Mariya had her baby boy, Ari, a month early (surprise!) the day after I had Henrietta, so our babies are friends. Mariaya is from Ukraine, and I am as elegantly European as she is only in my dreams. Her story is lovely. I particularly like what she says about having "little bits of it 'all.'"
I had been married for about a year when I decided to go off birth control. My decision wasn't motivated by a burning desire to become a mother and care for a child. I was 27 (an over-ripe age for motherhood in the Mormon world) and my aging parents and my husband were ready for a little one - it was just time. In fact, as a teenager I never remember dreaming about getting married or having a baby. All I ever wanted is to find true love and share all its fruits with my companion.
Travel, meeting new people, social and community events, learning - those have been my passions, passions I enjoyed independently. I still had plans to do more school and move down a different career path. The thought of being limited in doing those things scared me. I knew I would love being a mother, or rather I should say, I believed I would love being a mother. That knowledge was based solely on faith and listening to the wisdom of others.
I thought: "Although I don't feel it yet, I know I will once I hold my child in my arms." And it was so. Once I had Ari, I wanted to give him time and love. I know he was my priority and I truly loved taking care of him. He makes me deeply happy, like no exotic adventure would. However, I am still the same person I was before giving birth. I want to travel, experience beautiful things like concerts and performances, write inspiring things, be engaged in my community and institutions I care about through "work." And I don't think I'm willing to give that up regardless of how many children I have or how demanding they are. The level of engagement with things I love might not be the same, but I don’t believe that anything, even your children, should prevent you from things you enjoy working on. It might be naive, but I still believe I can have it all. Or at least little bits of “all.”
Ari is three months now and I do have a part-time job. It diversifies my days and gives me a chance to contribute to a purpose I believe in. It opens another dimension in my identity, which makes me feel like “I am many things (or at least two).” And, I think because of it I am a happier mother. The drawback of working from home, however, is that you don't get to interact and connect with colleagues, which I would really enjoy.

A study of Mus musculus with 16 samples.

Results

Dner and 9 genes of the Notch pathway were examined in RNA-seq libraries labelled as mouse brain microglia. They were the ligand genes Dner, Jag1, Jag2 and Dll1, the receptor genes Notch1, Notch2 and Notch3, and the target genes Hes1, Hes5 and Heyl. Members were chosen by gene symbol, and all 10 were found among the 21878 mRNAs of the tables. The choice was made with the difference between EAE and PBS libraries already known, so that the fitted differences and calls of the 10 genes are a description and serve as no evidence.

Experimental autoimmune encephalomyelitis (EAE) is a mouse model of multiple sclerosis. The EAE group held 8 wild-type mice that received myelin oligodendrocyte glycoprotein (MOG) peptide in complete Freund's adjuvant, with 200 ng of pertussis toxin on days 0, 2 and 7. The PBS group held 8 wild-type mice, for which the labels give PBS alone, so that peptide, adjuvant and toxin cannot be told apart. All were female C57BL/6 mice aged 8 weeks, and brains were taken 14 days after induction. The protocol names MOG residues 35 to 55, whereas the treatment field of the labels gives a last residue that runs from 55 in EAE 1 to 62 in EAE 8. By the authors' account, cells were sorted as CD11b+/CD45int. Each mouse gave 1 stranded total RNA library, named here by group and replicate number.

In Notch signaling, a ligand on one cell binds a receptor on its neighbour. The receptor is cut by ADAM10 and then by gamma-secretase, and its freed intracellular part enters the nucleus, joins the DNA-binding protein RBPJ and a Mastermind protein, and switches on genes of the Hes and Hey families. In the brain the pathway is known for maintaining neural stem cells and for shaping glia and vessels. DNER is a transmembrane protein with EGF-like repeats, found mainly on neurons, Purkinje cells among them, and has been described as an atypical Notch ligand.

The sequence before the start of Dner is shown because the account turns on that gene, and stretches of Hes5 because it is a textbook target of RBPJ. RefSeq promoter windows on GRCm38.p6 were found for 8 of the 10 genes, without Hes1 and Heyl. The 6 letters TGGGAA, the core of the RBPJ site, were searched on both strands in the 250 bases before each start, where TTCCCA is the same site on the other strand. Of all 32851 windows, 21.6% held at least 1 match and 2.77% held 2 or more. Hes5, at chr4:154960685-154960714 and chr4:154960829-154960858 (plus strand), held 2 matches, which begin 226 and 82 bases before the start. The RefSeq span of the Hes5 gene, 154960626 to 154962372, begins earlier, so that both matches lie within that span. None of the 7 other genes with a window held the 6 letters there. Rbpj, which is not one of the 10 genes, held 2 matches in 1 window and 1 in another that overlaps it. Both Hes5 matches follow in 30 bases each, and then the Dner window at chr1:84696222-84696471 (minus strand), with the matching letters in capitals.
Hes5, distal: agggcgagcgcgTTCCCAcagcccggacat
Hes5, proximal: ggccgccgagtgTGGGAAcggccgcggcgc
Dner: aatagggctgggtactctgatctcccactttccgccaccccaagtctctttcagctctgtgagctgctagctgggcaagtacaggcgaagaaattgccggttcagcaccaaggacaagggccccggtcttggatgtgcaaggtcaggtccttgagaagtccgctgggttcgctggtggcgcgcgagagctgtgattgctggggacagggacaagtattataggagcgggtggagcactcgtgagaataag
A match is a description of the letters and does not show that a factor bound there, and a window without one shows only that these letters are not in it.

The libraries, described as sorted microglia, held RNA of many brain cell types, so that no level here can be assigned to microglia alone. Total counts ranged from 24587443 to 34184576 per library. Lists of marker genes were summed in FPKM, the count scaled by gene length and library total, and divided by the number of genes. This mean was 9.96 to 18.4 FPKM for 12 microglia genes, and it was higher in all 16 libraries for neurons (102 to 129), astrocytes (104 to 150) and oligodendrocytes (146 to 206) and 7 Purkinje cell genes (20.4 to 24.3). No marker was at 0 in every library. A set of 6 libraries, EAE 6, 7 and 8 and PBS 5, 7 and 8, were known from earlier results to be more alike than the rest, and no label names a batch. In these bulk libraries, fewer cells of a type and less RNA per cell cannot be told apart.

Basically, I am a strong believer that a woman should have a vision for herself as a mother and a wife, but also as an individual. We are individuals and social beings first, and then everything else. And if a woman has that vision, she needs to do everything she can to bring it to life.
And I think this vision as an individual varies greatly for everyone. Some may see themselves fulfilled in an office job, some in the kitchen, some in the classroom, others at home on the couch reading. You don't necessarily have to work in an office, have a boss (although being accountable to someone really helps), or even get paid, but you have to work. And, by work, I mean do something that is hard, that pushes you to overcome yourself, to focus, to set goals, and do it even when the desire isn’t there. It is work to develop your talents and to not quit what you've been doing before motherhood.
I admire those mothers who are diligent about their independent work at home. They carve out specific time to do their "work." But as we all know, it's tough. This is why many mothers long for a structure, which a job in an office provides. Personally, I see my professional development outside of an office (for the most part), but aside from my desired craft, I might have to go back to full-time work for financial reasons. That’s where I believe that grandmothers, daycares, kindergartens come into play.
So I guess my point is that all mothers should "work" but the definition of this concept can be and should be different for everyone. For certain careers it's necessary to work in an office, and more creative types can find a way to work at home. But regardless of how many children we have, I think we almost have a responsibility to follow our dreams and develop our talents, whether they coincide with our profession or not. And we have to do this not only for ourselves, but for our children who one day might say: "I can do this, because my mother could."